Talking about your will – don’t be one of the 93%
A national saving and investment survey has shown only 7% of people have spoken to their parents about inheritance. One of the most important parts of planning to leave an inheritance is to talk about it. This is obviously not an easy topic and it may be a good idea to set aside some specific family time to have this discussion. This could help avoid any family disputes before and after you are gone.
The most efficient way to prepare for this discussion is planning. Take some time to think about your priorities for your money after you are gone. This could include things like making sure your partner or spouse is provided for, donating to a charity that is important to you, caring for a relative that is ill or has a disability, or making sure your grandchildren have the best possible opportunity of a good education. It may help to write down these priorities so that you have a basic draft of the will you want to leave. This will help a discussion with your family go more smoothly than if you don’t have a clear idea of what you are looking to achieve.
Remember that your inheritance wishes are solely your decision and no one else can tell you what to put in your will. During the meeting with your family, try to outline what you want to achieve and your reasons, rather than the exact sums involved. This will help your family understand your specific goals and could reduce any potential disagreement. They may also have some relevant input into the management of your estate and it is worth taking on board their expectations and opinions with regard to your assets and possessions.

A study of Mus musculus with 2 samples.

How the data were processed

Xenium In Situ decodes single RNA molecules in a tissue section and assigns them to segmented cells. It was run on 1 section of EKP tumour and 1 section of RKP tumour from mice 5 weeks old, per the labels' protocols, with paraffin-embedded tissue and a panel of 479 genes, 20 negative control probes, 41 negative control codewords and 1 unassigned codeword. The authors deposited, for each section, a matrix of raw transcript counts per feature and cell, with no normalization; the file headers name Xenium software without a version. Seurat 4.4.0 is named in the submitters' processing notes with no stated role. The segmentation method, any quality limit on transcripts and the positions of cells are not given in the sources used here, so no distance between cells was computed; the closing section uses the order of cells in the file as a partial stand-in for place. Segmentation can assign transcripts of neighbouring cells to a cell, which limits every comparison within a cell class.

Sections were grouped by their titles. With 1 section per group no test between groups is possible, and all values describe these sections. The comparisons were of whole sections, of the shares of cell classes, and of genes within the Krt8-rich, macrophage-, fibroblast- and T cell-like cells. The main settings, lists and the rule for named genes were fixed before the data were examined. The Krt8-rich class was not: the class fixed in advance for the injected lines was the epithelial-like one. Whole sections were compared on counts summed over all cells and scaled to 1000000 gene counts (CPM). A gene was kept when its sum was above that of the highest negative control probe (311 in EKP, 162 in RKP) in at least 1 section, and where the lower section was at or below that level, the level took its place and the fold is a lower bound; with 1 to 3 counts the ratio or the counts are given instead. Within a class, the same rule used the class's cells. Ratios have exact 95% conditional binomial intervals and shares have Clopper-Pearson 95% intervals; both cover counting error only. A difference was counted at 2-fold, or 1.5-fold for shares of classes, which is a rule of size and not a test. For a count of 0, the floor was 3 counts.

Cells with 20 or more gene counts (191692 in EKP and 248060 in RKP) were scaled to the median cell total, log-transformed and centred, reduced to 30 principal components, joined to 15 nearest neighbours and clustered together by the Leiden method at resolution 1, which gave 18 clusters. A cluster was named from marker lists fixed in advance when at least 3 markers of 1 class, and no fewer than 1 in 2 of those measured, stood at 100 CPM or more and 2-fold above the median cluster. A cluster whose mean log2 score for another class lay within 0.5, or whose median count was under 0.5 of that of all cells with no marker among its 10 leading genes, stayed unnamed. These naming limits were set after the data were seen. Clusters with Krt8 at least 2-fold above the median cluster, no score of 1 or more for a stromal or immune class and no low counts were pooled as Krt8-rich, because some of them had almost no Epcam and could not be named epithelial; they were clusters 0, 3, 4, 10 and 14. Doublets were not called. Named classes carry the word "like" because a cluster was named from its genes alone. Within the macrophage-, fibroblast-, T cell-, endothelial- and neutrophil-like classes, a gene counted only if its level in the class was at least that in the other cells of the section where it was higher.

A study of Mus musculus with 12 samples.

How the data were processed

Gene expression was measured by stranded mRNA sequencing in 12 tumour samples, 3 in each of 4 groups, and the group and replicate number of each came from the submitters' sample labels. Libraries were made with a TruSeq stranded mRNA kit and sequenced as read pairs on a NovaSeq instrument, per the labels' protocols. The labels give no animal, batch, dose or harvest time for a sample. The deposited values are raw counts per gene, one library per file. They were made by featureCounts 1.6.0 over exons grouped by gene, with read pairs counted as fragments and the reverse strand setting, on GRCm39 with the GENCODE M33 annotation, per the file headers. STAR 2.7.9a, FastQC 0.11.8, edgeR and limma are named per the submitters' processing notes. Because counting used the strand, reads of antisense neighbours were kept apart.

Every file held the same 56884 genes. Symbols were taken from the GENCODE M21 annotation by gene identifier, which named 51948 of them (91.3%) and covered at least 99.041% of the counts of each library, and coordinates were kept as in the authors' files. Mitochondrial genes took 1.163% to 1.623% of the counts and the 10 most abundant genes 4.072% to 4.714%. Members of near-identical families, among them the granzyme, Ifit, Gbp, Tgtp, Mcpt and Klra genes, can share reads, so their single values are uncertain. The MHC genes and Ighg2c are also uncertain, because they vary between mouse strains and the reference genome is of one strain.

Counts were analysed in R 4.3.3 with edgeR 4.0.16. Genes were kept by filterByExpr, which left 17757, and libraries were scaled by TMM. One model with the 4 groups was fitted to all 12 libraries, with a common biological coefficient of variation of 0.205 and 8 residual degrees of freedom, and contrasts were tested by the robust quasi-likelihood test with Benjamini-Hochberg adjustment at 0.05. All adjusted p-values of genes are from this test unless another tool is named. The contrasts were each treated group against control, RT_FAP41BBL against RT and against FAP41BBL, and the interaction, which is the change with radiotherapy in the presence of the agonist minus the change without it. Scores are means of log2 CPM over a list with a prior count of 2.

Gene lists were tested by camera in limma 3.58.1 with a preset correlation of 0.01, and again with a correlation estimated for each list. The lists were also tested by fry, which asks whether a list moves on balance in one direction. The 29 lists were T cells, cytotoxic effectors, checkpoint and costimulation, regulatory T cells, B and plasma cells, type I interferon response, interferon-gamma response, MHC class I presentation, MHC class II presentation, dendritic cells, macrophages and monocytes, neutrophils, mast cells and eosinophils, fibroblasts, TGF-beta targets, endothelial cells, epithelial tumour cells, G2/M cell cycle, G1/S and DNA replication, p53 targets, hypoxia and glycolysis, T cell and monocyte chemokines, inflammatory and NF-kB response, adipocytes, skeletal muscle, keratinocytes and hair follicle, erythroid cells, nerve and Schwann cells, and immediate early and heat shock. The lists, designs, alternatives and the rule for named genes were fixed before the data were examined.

You can also reassure them that nothing is set in stone as many things could happen between this discussion and the end of your life, and you can amend your will to reflect this. This conversation can give you the foundation to adequately prepare your will knowing you have taken your loved ones’ wishes and expectations on board.
As part of your inheritance planning, ensure you talk to your financial advisor about Inheritance Tax Mitigation. Mitigation ensures you have done everything you can legally to pay the minimum amount of tax. There are a number of ways of reducing tax on your inheritance which include making a gift to your partner or giving money to your family and friends. There are also options like trusts or leaving money to charity which can reduce your overall inheritance tax bill.
But still the most important aspect of this difficult subject is to a have an honest, open dialogue with the people that are important to you to help prepare them as best you can for the future after you are gone.Subscribe to our newsletter
Please note that the information and opinions contained in this article are not intended to be comprehensive, nor to provide legal advice. No responsibility for its accuracy or correctness is assumed by Pearson Solicitors and Financial Advisers Ltd or any of its members or employees. Professional legal advice should be obtained before taking, or refraining from taking, any action as a result of this article.
This blog was posted some time ago and its contents may now be out of date. For the latest legal position relating to these issues, get in touch with the author - or make an enquiry now.